Twitter mood predicts the stock market?

I've been following the trend toward analyzing online data for emotion and sentiment, and attempting to parse that information for useful patterns. (There is even a proposed emotion markup language standard.) One practical area is voice analytics in the call center. Another example is what we are doing at Pega, which is to analyze Twitter conversations and harvest potential brand damaging or other sentiments into a multi-channel customer service hub.

Now companies are even promising to predict movements in the stock market based on online sentiment.

One UK hedge fund, Dervent Capital Markets, is actually making a point of using Twitter data as a guide to potential stock market swings. Check out this publically available research paper from academics they are working with at the University of Manchester and Indiana University, Johan Bollen, Huina Mao and Xiao-Jun Zeng.  The title says it all: “Twitter mood predicts the stock market". The authors claim that they can obtain “an accuracy of 87.6% in predicting the daily up and down changes in the closing values of the DJIA and a reduction of the Mean Average Percentage Error by more than 6%.” In quant-speak, I understand that that is pretty darn good. They use OpinionFinder that “measures positive vs negative mood and Google profile of mood states (GPOMS) that measures mood in terms of six dimensions (Alert, Sure, Vital, Kind, and Happy]“. They then compare this data with a Granger causality analysis and a “Self-Organizing Fuzzy Neural Network” (what a great expression, every home should have their own self-organizing fuzzy neural network!).

Figure 1 from "Twitter Predicts Stock Market" by Bullen, Mao and Zeng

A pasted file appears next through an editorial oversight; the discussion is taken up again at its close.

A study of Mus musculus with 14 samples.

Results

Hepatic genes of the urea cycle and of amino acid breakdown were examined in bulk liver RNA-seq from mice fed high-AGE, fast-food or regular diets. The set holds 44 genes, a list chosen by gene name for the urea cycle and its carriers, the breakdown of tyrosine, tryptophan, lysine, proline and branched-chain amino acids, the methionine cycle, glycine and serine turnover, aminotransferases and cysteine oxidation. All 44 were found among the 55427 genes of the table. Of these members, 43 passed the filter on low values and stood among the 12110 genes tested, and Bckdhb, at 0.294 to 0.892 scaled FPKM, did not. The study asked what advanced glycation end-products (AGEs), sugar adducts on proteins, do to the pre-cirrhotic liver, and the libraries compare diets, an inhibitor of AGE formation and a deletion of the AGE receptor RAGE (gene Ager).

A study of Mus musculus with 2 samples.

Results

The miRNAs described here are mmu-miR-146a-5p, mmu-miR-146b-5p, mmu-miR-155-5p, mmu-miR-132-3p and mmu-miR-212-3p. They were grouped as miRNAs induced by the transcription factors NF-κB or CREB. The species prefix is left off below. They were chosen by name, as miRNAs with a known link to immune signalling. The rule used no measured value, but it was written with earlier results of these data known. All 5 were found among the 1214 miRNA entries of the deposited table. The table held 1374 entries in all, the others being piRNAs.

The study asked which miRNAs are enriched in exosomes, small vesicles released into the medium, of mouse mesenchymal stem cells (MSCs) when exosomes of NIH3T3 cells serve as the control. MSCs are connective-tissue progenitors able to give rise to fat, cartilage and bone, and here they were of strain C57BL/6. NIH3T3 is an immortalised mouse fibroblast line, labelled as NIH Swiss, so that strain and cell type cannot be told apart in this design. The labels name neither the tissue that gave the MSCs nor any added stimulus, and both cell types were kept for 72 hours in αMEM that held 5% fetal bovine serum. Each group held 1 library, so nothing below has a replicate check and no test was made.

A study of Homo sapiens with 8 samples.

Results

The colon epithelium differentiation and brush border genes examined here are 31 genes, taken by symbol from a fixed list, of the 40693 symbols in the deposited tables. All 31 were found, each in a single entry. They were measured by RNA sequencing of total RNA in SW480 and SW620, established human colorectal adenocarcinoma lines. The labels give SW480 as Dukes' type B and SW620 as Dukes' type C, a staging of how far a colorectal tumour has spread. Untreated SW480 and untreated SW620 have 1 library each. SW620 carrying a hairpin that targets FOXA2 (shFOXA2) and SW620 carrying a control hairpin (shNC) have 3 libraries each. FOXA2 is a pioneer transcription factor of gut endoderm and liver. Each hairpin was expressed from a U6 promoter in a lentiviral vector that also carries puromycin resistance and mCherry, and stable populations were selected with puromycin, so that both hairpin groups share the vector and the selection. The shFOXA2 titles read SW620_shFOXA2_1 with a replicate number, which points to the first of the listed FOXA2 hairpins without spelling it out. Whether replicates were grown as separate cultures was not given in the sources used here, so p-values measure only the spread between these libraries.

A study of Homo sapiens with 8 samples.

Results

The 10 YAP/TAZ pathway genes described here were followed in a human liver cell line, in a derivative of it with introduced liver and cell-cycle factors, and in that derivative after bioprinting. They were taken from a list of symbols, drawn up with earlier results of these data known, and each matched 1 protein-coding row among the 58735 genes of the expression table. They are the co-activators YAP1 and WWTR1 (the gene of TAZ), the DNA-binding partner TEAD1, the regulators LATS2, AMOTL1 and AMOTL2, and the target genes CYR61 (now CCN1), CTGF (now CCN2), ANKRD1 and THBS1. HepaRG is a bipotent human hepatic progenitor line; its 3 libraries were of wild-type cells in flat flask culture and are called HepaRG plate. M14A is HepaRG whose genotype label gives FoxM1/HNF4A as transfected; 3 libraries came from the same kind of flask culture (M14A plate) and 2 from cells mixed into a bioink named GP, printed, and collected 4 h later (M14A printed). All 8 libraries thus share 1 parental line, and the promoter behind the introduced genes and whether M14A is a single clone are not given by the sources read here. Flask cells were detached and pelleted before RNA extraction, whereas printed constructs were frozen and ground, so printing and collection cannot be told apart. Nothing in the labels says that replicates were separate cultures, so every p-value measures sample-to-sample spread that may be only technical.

Figure 1 from Johan Bollen, Huina Mao and Xiao-Jun Zeng, October 2010.  

I sincerely hope that the algorithms that are being used for this will also be able to detect patterns of faux traffic that represents a clear attempt to manipulate these systems. There is an entire industry out there of companies whose sole purpose is to pump up Google rankings by splogging massive numbers of bogus links back to websites. How hard could it be to systematically distort other systems that monitor this chatter for truth? I can see Vin Diesel in a sequel to “Boiler Room” where instead of high-pressure phone calls to widows and retired investors you have instead of massive networks of unethical splog farms. Perish the thought. 

Russell Keziere

I've been at Pegasystems for five years heading up BPM marketing, press and analyst relations. I've spent the past 20 years exploring how technology can help people improve how and why they work. The last 5 have been the most satisfying. Prior to that I was an art critic and publisher and radio broadcaster. I really enjoy interviewing people who are involved in business transformation as part of the Build for Change Digest, a podcast series. Search for "Pegasystems" on iTunes and you'll find it.